PURITAN & CO., INMAN SQUARE
Chef Will Gilson is standing amidst small piles of rubble with a grin on his face. "We just found out that this corner of the floor doesn't have anything supporting it," he says, pointing to a gaping hole that gives a view to the basement and a bearded worker's bobbing head. Wine glasses, dishware samples, and chairs coated in a soft sheen of sawdust are littered throughout the space that will magically turn into Gilson's "clean slate," as he calls it — Puritan & Co. — in just a few weeks. It's a fitting name for the first restaurant concept from the former Garden at the Cellar chef and pop-up impresario. A century ago, the property housed Puritan Cake Co.; now Gilson is aiming for modern, elevated takes on traditionally simple New England dishes. And don't knock the tightly wound and buckled Puritans of his heritage (his family has been here since the 17th century). "The Puritans just wanted to pioneer a new world, and a new style," he says. "That's really what we're trying to do." Among the New England bounty to be had, keep an eye out for stuffed quahog, composed charcuterie plates, and a fully stocked oyster bar.
ASTA, BACK BAY
If Alex Crabb's résumé is any indication — Noma, L'Atelier de Joel Robuchon, L'Espalier, Atwood's Tavern, Lineage . . . need we go on? — we'd say Asta is bound for a few mind-blowing things of its own. Word is Crabb has tossed the à la carte menu, striking out with a few prix-fixe options instead: three courses for the gentle-hearted patrons and five or eight courses for the culinarily ferocious. The whole squid with black chickpeas should be nothing less than swoon-worthy.
BRONWYN, UNION SQUARE
Bronwyn, named for chef Tim Wiechmann's wife (who co-owns and runs T.W. Food), has all of Union Square — hell, along with the rest of the city — trembling in anticipation of the best-sounding sausage tasting menus this side of the Atlantic. Good luck trying to decide what to go for; between the honey-lavender boudin blanc and the beef sauerbraten with gingerbread sauce, we're already throwing in the towel.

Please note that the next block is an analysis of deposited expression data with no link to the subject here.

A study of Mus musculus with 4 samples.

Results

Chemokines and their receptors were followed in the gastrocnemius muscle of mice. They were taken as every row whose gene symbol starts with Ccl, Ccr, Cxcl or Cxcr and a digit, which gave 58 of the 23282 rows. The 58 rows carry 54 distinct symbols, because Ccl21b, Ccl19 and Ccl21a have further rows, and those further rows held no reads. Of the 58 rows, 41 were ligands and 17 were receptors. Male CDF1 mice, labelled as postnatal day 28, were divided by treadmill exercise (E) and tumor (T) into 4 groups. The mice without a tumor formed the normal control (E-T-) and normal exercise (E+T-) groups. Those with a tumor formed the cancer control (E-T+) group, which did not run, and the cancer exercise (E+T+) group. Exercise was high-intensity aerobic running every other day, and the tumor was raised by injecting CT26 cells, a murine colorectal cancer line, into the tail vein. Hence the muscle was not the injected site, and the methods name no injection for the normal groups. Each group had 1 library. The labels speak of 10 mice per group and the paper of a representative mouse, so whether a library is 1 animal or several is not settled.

CENTRE STREET SANCTUARY, JAMAICA PLAIN
Maybe it's our sacrilegious streak, but we can't wait for this "neighborhood-friendly American bistro" to hit the former home of the Blessed Sacrament campus. The 80-seat spot is capitalizing on its storied site: expect furniture built from repurposed pews and a cozy bar with stained-glass windows. Divided into "In the Beginning" (appetizers), "Selections" (entrees), "Creations" (specials), and "Temptations" (desserts), the menu is designed with various dietary needs in mind — so you can have your herb-roasted chicken with customized sauces and sides. Gluten- and lactose-challenged brethren, rejoice!
CINQUECENTO, SOUTH END
The Aquitaine Group is further expanding its South End empire, turning from bistro and brasserie plates to Roman trattoria fare for its eighth (!) outpost. The name (pronounced cheen-kway-chen-toe — thanks, MC Slim) is Italian for "500," a nod to its location. It's in the former home of Rocca, the Italian spot that sputtered and shuttered in late 2010; with this team's track record, we have high hopes for this time around.
Lots of local spots have siblings due this fall. Food-truck fave Bon Me is getting a brick-and-mortar in One Kendall Square. Fenway's Tasty Burger has two new outposts on the way, a larger location at 40 JFK Street in Harvard Square (complete with pool tables) and a take-out spot at 69-71 L Street in Southie. And Downtown Crossing's jm Curley is getting a conjoined twin of sorts: Bogie's Place, a 1920s-style steakhouse hidden inside the existing location at 25 Temple Place.